Early on, a CEO has little to work with - because their company is still a relatively tiny operation, they have to do more than anyone might expect. Distributing tasks simply isn't an option when there are so few people to share them with, so it's up to the leader to pull up their boot straps, crack their knuckles, and do what needs to be done. Here are the five hats every startup CEO wears.
Numbers are crucial to any entrepreneurial operation, but becoming adequately established to warrant hiring an account takes a lot of time, and while that process is underway, someone has to keep track of those digits. It's a side of business that's not considered too often, though it's absolutely critical, even if it's relatively daunting and unpleasant. It's all for the best, though; without a firm grip on the numbers, staying on top of finances as a company grows becomes a task too difficult to reasonably achieve.
The startup world is full of experts and novices alike, and it's up to the seasoned vets to lend a hand to those who lack extensive experience. By embracing the role of CEO, a leader is responsible for the personal and professional growth of each team member. Beyond that, the startup game is full of younger minds whose experience is limited. Leaders have a unique responsibility to facilitate their growth, as a new generation of entrepreneurs will inevitably pave the way for the future.
To get a company off the ground, someone has to make some calls and sell whatever it is that's being provided. When the team is small (or in many cases, limited to one person), launching a company will be a slow process indeed unless the leader stands on the frontlines and reaches out to anyone and everyone. It takes a shockingly long time for a company to grow enough to move past this stage, too - many CEOs work tirelessly to reach out and make connections for years following the initial creation of their company.
Before a COO enters the picture (and in many cases, even after they come on board), a CEO has to oversee day-to-day operations and make sure that the company stays afloat. They have to manage employees, oversee different tasks to ensure quality, and handle clients, all jobs normally reserved for different departments. Startups don't have this luxury; instead, the leader must step up each day and move forward one step at a time.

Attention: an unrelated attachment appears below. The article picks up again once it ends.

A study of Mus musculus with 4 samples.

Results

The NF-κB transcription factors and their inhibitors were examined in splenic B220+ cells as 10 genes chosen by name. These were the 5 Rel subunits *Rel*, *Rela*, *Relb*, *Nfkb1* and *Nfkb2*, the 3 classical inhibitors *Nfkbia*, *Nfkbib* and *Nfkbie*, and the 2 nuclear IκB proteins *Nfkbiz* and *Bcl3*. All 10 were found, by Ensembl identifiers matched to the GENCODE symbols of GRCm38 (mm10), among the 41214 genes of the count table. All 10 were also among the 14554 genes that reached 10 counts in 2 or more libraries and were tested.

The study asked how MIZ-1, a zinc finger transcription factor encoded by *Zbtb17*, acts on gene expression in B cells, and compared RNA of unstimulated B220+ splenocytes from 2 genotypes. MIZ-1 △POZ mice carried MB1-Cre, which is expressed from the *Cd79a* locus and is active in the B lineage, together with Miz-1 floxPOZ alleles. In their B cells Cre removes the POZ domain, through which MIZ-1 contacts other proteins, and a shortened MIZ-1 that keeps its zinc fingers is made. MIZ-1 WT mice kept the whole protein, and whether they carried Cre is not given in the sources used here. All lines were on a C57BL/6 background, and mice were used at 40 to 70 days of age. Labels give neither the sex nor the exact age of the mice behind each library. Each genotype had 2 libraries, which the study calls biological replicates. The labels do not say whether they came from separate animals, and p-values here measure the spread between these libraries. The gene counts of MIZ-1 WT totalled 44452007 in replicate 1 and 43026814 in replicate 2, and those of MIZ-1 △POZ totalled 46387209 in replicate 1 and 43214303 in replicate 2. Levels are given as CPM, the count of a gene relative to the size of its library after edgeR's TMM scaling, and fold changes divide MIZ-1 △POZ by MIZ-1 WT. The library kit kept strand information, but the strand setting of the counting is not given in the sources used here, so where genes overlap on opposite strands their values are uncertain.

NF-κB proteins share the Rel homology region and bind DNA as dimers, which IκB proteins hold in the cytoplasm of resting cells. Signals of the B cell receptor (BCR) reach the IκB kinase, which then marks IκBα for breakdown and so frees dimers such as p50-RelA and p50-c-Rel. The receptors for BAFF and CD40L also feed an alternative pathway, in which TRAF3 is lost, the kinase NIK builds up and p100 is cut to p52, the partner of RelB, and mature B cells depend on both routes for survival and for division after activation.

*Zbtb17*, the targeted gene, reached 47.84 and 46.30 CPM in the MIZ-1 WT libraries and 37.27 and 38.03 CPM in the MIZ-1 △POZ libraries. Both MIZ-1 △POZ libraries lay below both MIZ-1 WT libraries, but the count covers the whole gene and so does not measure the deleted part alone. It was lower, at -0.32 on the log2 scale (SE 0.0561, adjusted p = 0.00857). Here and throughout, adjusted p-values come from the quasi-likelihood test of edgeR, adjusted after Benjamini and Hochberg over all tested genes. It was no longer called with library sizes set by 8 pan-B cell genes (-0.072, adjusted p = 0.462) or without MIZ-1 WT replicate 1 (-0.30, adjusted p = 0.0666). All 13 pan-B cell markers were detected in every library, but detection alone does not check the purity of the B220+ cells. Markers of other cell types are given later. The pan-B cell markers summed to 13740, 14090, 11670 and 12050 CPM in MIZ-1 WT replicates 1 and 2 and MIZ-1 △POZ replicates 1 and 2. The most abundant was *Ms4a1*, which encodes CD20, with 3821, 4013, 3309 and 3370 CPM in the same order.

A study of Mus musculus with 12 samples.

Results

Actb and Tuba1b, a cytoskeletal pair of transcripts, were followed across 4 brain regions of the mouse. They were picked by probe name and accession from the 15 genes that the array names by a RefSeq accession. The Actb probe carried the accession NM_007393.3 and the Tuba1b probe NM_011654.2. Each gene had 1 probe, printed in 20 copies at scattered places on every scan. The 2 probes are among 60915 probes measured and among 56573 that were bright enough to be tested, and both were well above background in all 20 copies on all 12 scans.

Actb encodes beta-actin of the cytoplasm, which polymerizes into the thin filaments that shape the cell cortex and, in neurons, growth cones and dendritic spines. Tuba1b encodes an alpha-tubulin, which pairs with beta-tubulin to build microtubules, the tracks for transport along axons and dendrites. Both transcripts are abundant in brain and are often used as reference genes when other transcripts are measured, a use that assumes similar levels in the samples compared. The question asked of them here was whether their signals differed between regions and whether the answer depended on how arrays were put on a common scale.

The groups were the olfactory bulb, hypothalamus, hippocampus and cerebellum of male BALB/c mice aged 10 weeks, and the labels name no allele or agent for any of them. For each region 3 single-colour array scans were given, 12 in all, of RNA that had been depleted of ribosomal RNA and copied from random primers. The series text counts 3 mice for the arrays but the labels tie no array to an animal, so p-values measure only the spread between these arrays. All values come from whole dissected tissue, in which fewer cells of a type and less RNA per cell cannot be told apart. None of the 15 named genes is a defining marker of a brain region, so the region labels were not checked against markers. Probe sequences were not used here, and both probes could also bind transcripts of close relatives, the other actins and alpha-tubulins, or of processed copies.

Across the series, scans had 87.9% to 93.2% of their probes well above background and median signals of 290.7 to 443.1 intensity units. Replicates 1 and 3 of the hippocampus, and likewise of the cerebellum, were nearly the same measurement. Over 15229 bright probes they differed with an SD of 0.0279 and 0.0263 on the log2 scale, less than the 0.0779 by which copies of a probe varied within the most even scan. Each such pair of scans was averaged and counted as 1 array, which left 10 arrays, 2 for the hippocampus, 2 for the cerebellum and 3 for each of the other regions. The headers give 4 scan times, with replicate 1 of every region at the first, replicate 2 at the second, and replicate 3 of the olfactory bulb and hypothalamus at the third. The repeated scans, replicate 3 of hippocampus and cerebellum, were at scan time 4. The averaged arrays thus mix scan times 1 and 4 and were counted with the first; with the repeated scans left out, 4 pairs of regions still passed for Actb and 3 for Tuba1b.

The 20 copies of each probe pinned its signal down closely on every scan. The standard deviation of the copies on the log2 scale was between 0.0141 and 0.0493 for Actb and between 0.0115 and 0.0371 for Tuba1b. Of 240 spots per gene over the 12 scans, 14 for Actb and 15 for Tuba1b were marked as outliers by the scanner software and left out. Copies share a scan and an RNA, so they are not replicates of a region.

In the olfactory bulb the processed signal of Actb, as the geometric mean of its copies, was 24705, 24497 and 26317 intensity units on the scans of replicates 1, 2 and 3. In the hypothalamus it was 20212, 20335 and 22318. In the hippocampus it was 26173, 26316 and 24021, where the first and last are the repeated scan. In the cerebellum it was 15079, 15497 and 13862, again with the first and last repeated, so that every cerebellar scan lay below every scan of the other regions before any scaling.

Funny enough, the final hat a startup CEO wears is a hard-hat. While still getting off the ground, a leader has to get their hands dirty. A surprising amount of manual labor is involved early on - moving into a new office, decorating the place, rearranging everything - and chances are, the CEO will be doing a lot of the work. The title doesn't exempt them from the nitty gritty, and a good leader is okay with that. After the amount of work that goes into creating a company, taking on the role of handyman can be a refreshing change of pace, so don't worry about the extra work - it's a lot more fun than one might think.
It's all about the creative and inspiring creativity amongst a team. Every great company starts with a great idea, and the founder is generally responsible for growing this idea into something large. "Every company needs creativity to stand out from the crowd, and creativity is often one of the greatest strengths of the entrepreneurial mind." Paul Stahura, co-founder and CEO of Donuts.Domains explains that "everything about a company - right down to the very name - is a product of creativity. Entrepreneurship is determined by creativity; it's importance can't be overstated."
The startup CEO has to embrace creativity and find inspiration in everything, as growth is nearly impossible without it - after all, there are a lot of companies out there trying to make a name for themselves. When the startup CEO dons their creative hat, they find new ways to push boundaries while their company is still in the early stages.